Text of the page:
So Dorn and Brautigan crossed paths. I had forgotten that fact until leafing through a compilation of Dorn's work called "Way West: Stories, Essays, and Verse Accounts, 1963-1993."
Dorn and Brautigan met briefly in Colorado, lived near each other in North Beach, and hung out later in Montana. They seemed to hit it off. Dorn wrote a memorial to Brautigan after Brautigan's death. It appears in this collection. A very strange essay indeed, printed side-by-side with a more conventional eulogy by Dorn's ex-wife.
This paragraph struck me as a quirky (Rob Hardy uses this word correctly to describe Dorn's poetry) piece of literary criticism and personal reminiscence:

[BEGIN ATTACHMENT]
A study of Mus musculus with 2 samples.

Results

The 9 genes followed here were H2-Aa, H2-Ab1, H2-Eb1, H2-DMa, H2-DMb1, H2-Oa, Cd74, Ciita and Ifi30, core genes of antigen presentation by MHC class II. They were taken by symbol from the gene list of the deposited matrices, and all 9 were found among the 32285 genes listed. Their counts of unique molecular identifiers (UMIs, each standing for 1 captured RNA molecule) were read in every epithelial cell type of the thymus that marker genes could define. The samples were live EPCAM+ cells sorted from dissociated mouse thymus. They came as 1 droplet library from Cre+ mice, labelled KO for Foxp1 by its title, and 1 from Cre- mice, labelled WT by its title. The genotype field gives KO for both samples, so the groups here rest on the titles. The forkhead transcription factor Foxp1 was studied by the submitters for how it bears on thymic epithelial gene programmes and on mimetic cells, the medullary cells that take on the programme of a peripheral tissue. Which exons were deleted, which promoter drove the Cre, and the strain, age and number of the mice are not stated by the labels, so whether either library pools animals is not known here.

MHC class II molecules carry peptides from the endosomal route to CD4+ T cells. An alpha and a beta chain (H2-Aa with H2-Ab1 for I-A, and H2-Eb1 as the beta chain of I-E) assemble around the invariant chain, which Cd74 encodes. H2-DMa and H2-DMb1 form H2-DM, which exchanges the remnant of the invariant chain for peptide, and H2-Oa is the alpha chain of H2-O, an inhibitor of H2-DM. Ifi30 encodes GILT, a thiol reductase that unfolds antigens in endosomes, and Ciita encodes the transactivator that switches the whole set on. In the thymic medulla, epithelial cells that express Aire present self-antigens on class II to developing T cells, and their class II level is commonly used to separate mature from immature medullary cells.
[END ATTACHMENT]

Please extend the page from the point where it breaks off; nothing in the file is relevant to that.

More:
"There is a distant similarity between Brautigan and Twain. It consists almost solely in a natural innocence…regarding the evil disposition of mankind. But whereas Twain’s treatment of the condition is streaked with acid intelligence, Brautigan’s is amazingly tolerant, if not gleeful, and resembles an anthropologist’s understanding more than that of a literary man."
The contrast works in a way because an anthropologist carefully observes and records, which is what Brautigan did so well. Twain was as much an agitator and opinion-shaper as he was a trenchant observer.
Much of the time, about nearly everything, Dorn was offended, disgusted, pissed off, or suspicious. In Dorn's view, a "literary man" would use his pen as a cudgel, so it's interesting that the swashbuckling Dorn could be friends with and respect the work of the understated Brautigan.